Tuesday, March 10, 2009

Information Sabbath

This comes from Prison Fellowship President, Mark Early.

Taking a Sabbath from Technology

Try this experiment: Shut down your computer, turn off your cell phone, unplug your iPod, hide your Blackberry, and click off the television. Then, pick up a book. Read for an hour. When you’re done, pull out a sheet of paper and write a letter. And then, go for a walk outside.

If you find this scenario difficult, you’re not alone. Mark Bittman, writing in the New York Times, describes taking a break from technology for an entire day: “I woke up nervous, eager for my laptop . . . I was jumpy, twitchy, uneven.”

According to a 2005 survey, most Americans—including children—spend at least nine hours a day watching TV, surfing the web, or talking on their cell phones. Of those hours, one-third of the time is spent using two or more of those media at once.

While technology has many worthwhile purposes, it demands a high price from us. Studies have shown that our increasing media dependency is crippling our attention spans, wounding our ability to create meaningful relationships, and generating a false expectation that we should be able to be contacted at every hour of the day.

Katie Dunne, a recent graduate of the University of Illinois, observed that while the Internet has made it easier for her to find information for class, it also made it easier for her fellow students to avoid face-to-face interactions with their professors—and with each other.

She wrote in her school newspaper: “It seems like the more advanced our technology becomes, the more likely we are to withdraw from the real world. The intimacy of conversation and the integrity of relationships are compromised by quick and cold forms of communication.”

But getting away from technology is easier said than done. Many of us couldn’t do our jobs if it weren’t for computers, cell phones, and PDAs. But here’s the problem—when we leave work, technology is following close behind us in a constant stream of text messages, Facebook posts, and emails. We’ve become addicts to the god of information.

So, here’s a challenge—take a technology sabbath.

Joe Carter—editor of the Evangelical Outpost blog—recently began making one day of his week completely technology free. He writes on Boundless.org:
“After drinking from the fire hose of information a day without info tech will seem like a year long drought. But by unplugging the god of Technology you might just find something new in the pause—a still small voice sharing the information that truly matters.”

But like anything worthwhile, taking a break from technology takes practice and patience. Here are some of Carter’s tips on making a technology sabbath worthwhile.

First, make sure to give yourself a full 24 hours, preferably from sundown to sundown. Let people know that you are unplugging, so they understand why you are not responding to them right away. Lastly, dedicate some of the time to practicing spiritual disciplines like prayer, Bible study, and attending a worship service.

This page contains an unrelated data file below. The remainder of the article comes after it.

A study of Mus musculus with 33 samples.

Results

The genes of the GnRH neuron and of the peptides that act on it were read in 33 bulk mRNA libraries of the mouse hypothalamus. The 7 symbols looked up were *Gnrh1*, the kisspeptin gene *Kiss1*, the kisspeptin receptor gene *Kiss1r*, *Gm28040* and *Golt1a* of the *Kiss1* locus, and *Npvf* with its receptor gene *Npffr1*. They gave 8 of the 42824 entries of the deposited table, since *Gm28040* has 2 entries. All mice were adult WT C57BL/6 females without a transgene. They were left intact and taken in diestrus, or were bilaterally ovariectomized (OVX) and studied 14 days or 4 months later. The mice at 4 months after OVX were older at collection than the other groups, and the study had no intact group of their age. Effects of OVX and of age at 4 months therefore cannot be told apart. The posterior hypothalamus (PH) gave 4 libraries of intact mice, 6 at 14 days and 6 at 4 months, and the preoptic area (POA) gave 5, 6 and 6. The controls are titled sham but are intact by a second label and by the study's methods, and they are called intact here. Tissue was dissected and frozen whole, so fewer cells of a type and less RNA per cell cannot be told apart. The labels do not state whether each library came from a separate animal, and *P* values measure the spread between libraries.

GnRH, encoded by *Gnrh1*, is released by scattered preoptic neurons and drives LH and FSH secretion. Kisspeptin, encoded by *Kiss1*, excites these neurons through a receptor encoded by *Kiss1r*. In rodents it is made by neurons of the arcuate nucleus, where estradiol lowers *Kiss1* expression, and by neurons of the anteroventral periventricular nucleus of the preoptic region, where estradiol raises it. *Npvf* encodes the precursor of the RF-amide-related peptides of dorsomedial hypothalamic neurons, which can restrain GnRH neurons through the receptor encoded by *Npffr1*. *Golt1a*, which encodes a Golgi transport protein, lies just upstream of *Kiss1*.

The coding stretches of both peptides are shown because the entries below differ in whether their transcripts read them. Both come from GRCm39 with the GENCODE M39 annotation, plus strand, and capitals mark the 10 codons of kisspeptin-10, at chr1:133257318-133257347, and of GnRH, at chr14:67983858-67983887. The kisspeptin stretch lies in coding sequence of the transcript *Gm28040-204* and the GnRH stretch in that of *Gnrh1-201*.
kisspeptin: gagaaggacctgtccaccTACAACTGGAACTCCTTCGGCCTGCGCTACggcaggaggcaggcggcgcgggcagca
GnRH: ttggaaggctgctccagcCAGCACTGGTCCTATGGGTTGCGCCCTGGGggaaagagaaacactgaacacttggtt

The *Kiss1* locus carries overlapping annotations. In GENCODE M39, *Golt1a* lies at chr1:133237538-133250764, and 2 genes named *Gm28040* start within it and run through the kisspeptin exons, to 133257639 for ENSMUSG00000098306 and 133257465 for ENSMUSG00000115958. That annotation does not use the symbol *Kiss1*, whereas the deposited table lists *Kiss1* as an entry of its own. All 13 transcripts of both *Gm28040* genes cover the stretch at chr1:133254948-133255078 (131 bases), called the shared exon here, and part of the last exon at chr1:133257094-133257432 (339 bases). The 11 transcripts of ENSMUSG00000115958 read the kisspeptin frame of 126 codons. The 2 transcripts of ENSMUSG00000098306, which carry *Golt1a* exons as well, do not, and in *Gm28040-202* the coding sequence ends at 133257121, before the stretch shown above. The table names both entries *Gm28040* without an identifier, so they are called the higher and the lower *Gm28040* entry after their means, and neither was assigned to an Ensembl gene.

In the meantime, meet a friend for coffee. And leave your Blackberry at home.


Also, Lev Grossman at Time magazine warns us against Twittering our lives away in "Desperately Trying to Quit Twitter."

Innes adds:

Personally, I'm overwhelmed by emails, and I don't know what to do. But there is clearly much to be said for self-imposed email silence and voluntary internet alienation.


Nolanimrod said...

This is a great idea! I know, because I once did something like it.

I went to a "retreat" at the Ave Maria Retreat House on Bayou Jean Lafitte in Louisiana. It was in a beautiful setting.

And it was a silent retreat. Initially I really didn't think I could go an entire weekend around other people and not talk. I was wrong. Aside from the priest or deacon talking at the little chapel service each morning there was no talking. The difficulty I thought I would have (I am something of a blabbermouth) disappeared quite quickly and I had a really good and tranquil and thought-filled time.

The real surprise came when it was time to go. People started packing up and putting things in their cars to go home or wherever and STARTED TALKING! After only three days of not doing it the talking was really jarring and, and this is what really surprised me, annoying. Like somebody making fart sounds at a funeral.

So the technology vacation sounds like a pretty good idea.

David C. Innes said...

Yes, there is a lot of noise in our lives, and much of it quite legitimate, but it nonetheless distracts us from the Lord who should be our chief delight and central occupation.

So he gives us the Sabbath, the one day in seven on the first day of the week (this side of the cross), so that we can quiet our souls and reorient sights. For this reason, the Westminster Shorter Catechism says (Q59), "The Sabbath is to be sanctified by a holy resting all that day, even from such worldly employments and recreations as are lawful on other days, and spending the whole time in the public and private exercised of God's worship, except so much as is to be taken up in the works of necessity and mercy."